People recovering from drug addiction have to be careful not to relapse during the holidays, according to drug abuse prevention experts. 

Families often come together during the holidays to eat and socialize and bond, but family connections can be strained for people recovering from substance abuse problems. Dani LaPlante, community representative for the Oxford branch of Bradford Health Services, said it can be hard for recovering addicts to settle back into family life in the stretch from Thanksgiving to New Year’s. 

“The families look at them like, ‘I don’t know if I want them around,’” LaPlante said. 

The feeling is informed by a lack of trust; big arguments and unsafe behaviors, unsurprisingly, put distance between people. That distance can remain even after someone enters treatment and recovery. The holidays put pressure on everyone to reconcile, for better or worse.  

“They may be doing outpatient treatment, attending meetings, doing what they’re supposed to do, and here come the holidays,” LaPlante continued. 

But people in recovery do best when they’re surrounded with positive influences during the holidays, she explained, like sober family members, or other people in recovery at meetings and get-togethers. Isolation invites temptation to relapse — “A lot of people don’t know how to celebrate the holidays without getting high,” LaPlante said — so togetherness, uncomfortable as it could be, is the better choice. 

But family time isn’t a sure bet, either. LaPlante offered some tips for those easing back into the holidays with family, all centered on what she said is the primary goal: staying sober. 


Have an escape plan

Families around the dinner table are part Norman Rockwell painting, part time-bomb. An explosion, if it happens, often comes down to politics, or religion, but if it’s centered on the person in recovery, it’s time to leave.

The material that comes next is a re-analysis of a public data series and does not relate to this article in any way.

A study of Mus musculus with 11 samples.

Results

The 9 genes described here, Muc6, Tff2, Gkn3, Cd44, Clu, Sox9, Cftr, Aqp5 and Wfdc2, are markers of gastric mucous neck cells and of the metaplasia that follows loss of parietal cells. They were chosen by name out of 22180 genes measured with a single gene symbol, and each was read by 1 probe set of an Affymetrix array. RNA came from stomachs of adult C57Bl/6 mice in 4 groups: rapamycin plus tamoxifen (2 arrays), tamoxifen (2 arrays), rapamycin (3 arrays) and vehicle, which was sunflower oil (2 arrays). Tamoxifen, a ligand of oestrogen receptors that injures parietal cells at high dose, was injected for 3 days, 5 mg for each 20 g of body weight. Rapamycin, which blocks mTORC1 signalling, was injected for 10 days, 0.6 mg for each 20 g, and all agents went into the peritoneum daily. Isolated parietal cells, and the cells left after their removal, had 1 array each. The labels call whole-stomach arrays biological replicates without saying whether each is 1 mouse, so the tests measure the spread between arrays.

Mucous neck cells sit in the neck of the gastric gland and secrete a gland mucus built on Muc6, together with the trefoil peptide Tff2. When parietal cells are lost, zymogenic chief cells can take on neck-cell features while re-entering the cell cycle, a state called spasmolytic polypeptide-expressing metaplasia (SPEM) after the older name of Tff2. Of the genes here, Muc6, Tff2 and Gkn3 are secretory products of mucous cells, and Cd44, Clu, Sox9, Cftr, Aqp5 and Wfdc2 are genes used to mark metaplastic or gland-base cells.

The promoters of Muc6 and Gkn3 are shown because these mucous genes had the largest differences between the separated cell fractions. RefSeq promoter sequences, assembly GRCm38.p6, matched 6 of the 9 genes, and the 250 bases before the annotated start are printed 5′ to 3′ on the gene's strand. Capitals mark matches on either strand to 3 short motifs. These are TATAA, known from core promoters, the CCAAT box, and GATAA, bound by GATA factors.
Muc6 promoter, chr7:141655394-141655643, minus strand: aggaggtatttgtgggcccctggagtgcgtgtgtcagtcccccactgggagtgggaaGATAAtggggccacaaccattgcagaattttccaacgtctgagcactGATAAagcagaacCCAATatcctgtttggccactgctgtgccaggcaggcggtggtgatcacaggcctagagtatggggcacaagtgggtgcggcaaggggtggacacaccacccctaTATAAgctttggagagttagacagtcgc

“You don’t have to answer questions, but some people are going to ask,” LaPlante said. “The best thing they could say, if they wanted to, is ‘I’m working on it.’” 

Those without transportation should have a plan to ride home with a friend or a trusted relative, she explained, especially if someone breaks out alcohol. 


Keep up with meetings

A good way to prepare for the holiday get-together is to attend a group meeting with other people in recovery beforehand to prepare, LaPlante said, and visit another after it’s over, to debrief. 

There’s also likely to be group events like meals and hangouts to attend rather than spend time alone, she said. 

“Twelve-step groups in any area are always having dinners and things like that,” LaPlante said. 


Help someone else

“Sometimes the best way to feel better about the holidays is to be of service to someone else, and that works for anybody, in recovery or not,” LaPlante said. 

Opportunities to volunteer are varied at this time of year; 2nd Chance, an outreach for victims of domestic violence in Anniston, has a volunteer gift wrapping service that lasts through Dec. 24, for example, and Toys for Tots is in need of help packing bags of toys for kids to distribute later this month. Soup kitchens are often in need of volunteers, too. 


‘Find somebody’ 

“Above all else, do what you’ve got to do to maintain your sobriety,” LaPlante said. 

That might mean recognizing when temptation to relapse could be reaching the point of turning into action. People in need of help holding back those urges should call someone, LaPlante said. Bradford has free counseling and assessment around the clock at 256-365-2965, she said. The federal Substance Abuse and Mental Health Services Administration helpline is also always available at 800-662-4357

“If you have a sponsor or sober friend you can talk to, do it, and if you don’t have that, you can call us,” she said. “We’ll talk to you. This is what we do. But find somebody.” 

Closing the gap and reintegrating someone in recovery into a family might be nerve-wracking, but according to LaPlante, when they really mean it, they ought to get an opportunity. 

“They might have stolen from you before and burned all the bridges so you say ‘never again,’ but give them a chance,” LaPlante said. “They’re just as nervous about being there again for the first time.” 

Assistant Metro Editor Ben Nunnally: 256-235-3560.